The latest jobs numbers are out from the federal government. What do they mean for job seekers and employers? Here’s a quick take from Glassdoor’s Chief Economist Dr. Andrew Chamberlain:
This morning’s jobs report showed a U.S. economy roaring ahead in October, with employers adding a robust 250,000 new jobs to payrolls and an unemployment rate steady at 3.7 percent — the lowest unemployment rate since 1969.
The big surprise in today’s jobs report was strong wage growth. Average hourly earnings rose by 3.1 percent from a year ago in October, breaking above the symbolic 3.0 percent barrier for the first time in nearly a decade, since April 2009.
After years of slow wage growth hovering near 2 to 2.5 percent, today’s jobs report is a landmark in the long recovery since the Great Recession, showing the power of a tight labor market to raise pay for American workers if allowed to run hot for a sufficiently long time.
Today’s strong wage gains are consistent with the latest Glassdoor Local Pay Reports, in which we’ve seen steadily building wage pressure this year, with annual pay gains topping 3-4 percent in tech-heavy metros such as San Francisco and New York City.
Today’s surging economy prompted 711,000 new workers to enter the labor force in October. That pushed up the nation’s labor force participation rate by 0.2 percentage points to 62.9 percent — a sign that rising pay and booming job growth is pulling in some marginally attached workers, further tightening a labor market already at full employment.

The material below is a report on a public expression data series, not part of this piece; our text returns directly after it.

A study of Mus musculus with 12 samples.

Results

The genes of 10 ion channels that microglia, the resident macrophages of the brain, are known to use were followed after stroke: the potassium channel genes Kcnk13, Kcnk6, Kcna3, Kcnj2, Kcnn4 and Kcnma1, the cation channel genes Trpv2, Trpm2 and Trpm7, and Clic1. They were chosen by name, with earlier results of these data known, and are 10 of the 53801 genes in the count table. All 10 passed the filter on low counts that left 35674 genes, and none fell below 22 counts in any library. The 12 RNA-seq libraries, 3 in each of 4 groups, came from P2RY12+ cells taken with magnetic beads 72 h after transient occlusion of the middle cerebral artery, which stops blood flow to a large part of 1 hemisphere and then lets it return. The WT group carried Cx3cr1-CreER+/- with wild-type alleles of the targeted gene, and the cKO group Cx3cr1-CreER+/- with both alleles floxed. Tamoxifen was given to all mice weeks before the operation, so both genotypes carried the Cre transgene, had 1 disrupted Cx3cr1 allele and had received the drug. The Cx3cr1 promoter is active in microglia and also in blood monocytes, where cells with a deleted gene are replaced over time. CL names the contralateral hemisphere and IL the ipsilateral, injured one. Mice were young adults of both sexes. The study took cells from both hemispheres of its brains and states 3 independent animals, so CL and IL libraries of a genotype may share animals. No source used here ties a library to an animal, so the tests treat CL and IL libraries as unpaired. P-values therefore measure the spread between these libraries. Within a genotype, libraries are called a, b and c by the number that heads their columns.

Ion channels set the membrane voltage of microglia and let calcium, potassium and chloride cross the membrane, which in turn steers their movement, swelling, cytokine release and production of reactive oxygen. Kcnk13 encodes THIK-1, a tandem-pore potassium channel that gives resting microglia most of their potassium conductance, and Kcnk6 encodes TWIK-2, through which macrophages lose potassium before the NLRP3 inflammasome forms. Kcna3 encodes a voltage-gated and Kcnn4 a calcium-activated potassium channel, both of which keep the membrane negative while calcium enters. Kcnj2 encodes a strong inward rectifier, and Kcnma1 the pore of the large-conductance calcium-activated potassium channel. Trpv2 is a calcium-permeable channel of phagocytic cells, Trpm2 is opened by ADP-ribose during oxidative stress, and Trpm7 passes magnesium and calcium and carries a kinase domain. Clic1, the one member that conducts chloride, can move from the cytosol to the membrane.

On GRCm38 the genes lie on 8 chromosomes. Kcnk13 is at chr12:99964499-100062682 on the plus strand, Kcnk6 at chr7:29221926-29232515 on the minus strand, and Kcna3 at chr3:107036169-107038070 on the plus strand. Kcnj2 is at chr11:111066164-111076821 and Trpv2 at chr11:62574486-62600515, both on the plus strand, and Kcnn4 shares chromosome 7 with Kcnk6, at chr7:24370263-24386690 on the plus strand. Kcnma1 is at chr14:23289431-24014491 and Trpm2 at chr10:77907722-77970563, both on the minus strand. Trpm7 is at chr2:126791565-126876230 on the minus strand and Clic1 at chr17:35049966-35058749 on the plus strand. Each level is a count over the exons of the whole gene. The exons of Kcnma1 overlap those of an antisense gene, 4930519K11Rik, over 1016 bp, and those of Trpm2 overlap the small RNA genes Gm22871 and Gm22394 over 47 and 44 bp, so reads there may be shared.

The strongest job gains in October were in the healthcare sector, which added a staggering 46,700 jobs last month. Other leading sectors adding jobs include leisure and hospitality (+42,000 jobs), professional and business services (+35,000 jobs), manufacturing (+32,000 jobs), construction (+30,000 jobs), and transportation and warehousing (+24,800 jobs).
Today’s jobs report marks 97 consecutive months of positive job gains for the nation’s roaring economy. The U.S. economic expansion has now been stretching out for 112 months. If the economy can continue to march forward for another eight months, we’ll tie the all-time record for the longest economic expansion in U.S. history since the 1850s of 120 months (a record set originally in the 1990s).
With good news in most economic indicators today, it’s likely the nation’s job market will continue sailing ahead at least through the remainder of 2018.
To speak with Dr. Andrew Chamberlain about today’s jobs report or to discuss labor market trends, contact pr at Glassdoor dot com. For the latest economics and labor market updates, follow @adchamberlain on Twitter and subscribe to Glassdoor Economic Research.